Surgical Data Science
Better trained surgeons lead to better patient outcomes. Under the leadership of Professor Debbi Stanistreet, the Surgical Data Science project seeks to identify the key factors that impact on the quality of surgical training in East and Southern Africa. The team is made up of members of RCSI’s Institute of Global Surgery and researchers from Kamuzu University of Health Sciences, Malawi, led by team co-lead, Dr Wakisa Mulwafu.
The demand for surgical care is rapidly increasing; an estimated 28 million surgeries were cancelled worldwide during the first three months of the COVID-19 pandemic. Surgical interventions are needed for 80% of injured patients and more than half of patients with cancer. Furthermore, recent years have seen a sharp rise in non-communicable diseases worldwide. A scale-up in surgical training to meet this demand is already underway across East, Central and Southern Africa. The Surgical Data Science project aims to support this by providing an evidence-based, context-specific, transparent, and accessible quality assurance framework for surgical training across the region.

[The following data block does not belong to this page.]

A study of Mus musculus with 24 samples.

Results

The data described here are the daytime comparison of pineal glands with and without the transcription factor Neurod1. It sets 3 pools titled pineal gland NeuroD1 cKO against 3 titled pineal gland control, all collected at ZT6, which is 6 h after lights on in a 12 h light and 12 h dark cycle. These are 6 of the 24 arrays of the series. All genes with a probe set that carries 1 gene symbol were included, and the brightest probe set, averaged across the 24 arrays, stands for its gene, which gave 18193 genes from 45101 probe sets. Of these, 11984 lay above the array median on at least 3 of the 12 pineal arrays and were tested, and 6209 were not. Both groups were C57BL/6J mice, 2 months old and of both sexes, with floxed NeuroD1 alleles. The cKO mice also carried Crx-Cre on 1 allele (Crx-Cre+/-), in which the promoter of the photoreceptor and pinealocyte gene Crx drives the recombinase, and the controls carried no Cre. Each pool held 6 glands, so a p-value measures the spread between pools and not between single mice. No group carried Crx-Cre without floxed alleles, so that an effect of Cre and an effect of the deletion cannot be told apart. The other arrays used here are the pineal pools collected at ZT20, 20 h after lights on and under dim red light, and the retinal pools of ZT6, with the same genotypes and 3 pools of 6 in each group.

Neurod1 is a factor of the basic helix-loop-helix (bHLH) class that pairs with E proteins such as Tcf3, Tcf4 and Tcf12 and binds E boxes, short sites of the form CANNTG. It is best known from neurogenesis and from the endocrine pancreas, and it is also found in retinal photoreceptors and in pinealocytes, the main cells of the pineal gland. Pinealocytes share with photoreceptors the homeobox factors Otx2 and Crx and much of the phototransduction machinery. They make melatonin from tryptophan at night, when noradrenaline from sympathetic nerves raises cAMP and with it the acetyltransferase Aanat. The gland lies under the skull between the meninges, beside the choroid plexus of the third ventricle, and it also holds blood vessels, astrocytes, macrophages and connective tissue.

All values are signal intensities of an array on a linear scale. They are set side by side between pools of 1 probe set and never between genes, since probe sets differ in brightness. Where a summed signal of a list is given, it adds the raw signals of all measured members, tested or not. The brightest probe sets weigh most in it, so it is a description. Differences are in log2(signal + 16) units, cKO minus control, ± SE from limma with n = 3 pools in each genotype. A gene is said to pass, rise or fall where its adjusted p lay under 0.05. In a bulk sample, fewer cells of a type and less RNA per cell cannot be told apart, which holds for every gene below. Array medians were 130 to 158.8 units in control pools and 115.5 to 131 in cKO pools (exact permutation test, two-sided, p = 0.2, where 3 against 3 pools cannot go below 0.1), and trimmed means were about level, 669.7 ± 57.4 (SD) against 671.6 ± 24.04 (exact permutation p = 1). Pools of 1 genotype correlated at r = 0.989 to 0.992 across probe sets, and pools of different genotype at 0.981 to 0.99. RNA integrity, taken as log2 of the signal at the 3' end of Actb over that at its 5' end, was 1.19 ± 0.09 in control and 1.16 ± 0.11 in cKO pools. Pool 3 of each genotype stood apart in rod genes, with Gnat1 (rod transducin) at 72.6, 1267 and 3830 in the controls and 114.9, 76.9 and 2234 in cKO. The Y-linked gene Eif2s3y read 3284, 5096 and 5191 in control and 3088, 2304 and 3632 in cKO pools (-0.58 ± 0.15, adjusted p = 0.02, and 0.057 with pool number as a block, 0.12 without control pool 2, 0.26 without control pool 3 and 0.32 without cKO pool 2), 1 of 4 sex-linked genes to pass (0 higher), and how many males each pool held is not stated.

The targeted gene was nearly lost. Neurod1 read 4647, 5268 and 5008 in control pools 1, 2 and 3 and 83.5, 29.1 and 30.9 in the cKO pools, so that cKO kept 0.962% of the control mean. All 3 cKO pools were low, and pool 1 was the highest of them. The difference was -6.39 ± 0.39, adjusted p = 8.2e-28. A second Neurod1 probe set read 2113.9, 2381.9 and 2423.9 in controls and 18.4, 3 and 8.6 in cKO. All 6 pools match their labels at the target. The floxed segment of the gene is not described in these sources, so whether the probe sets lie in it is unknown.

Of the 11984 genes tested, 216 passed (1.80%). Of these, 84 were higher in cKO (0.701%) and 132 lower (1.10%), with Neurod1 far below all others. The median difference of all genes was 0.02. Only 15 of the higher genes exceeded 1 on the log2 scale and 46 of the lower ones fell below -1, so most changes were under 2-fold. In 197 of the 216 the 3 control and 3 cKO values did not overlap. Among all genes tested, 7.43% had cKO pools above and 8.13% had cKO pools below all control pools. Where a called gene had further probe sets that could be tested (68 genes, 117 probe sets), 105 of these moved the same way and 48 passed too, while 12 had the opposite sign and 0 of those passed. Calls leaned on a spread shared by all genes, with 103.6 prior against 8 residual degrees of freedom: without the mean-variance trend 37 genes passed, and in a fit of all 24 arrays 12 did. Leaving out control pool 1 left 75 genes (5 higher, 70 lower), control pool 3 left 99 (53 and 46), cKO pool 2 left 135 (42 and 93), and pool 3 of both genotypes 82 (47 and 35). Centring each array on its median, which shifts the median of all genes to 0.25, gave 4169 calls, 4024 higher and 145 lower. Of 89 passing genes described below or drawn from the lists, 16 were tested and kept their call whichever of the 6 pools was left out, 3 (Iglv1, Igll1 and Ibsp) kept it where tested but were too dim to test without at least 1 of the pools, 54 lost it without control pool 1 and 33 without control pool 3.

The project is one of seven research teams competing in the Science Foundation Ireland (SFI) SDG Challenge. Run in partnership between SFI and Irish Aid, this Challenge has awarded €2.47m to the seven teams to develop innovative solutions aimed at addressing the UN Sustainable Development Goals. Over 18 months, the seven teams will compete for an overall prize of €1m to further advance their solution toward deployment.
The Surgical Data Science project addresses UN SDG 3: Good Health and Wellbeing, and builds on learnings and partnerships formed through the long-standing RCSI/COSECSA Collaboration Programme. The Surgical Data Science project is engaging with trainers, trainees, programme directors, scholarship bodies and training course providers active in the region, and collating and analysing data from COSECSA’s existing training datasets.
The project will apply data science tools to examine which are the key factors that have the greatest impact on trainees’ progression through training, and that enable trainees to graduate and practice as independent consultant surgeons.
The project’s proposed solution is to build and deploy the Training Quality Platform (TQP), which each hospital accredited by COSECSA will be able to access to see how training programmes are performing. The TQP will indicate to each hospital how they can adjust their training programme to improve quality.
The TQP will also be accessible to COSECSA centrally, to allow the College to identify training programmes that need support, and to make informed decisions around allocating scare resources. Over time, the TQP may reduce the burden of time-consuming, costly in-person accreditation visits.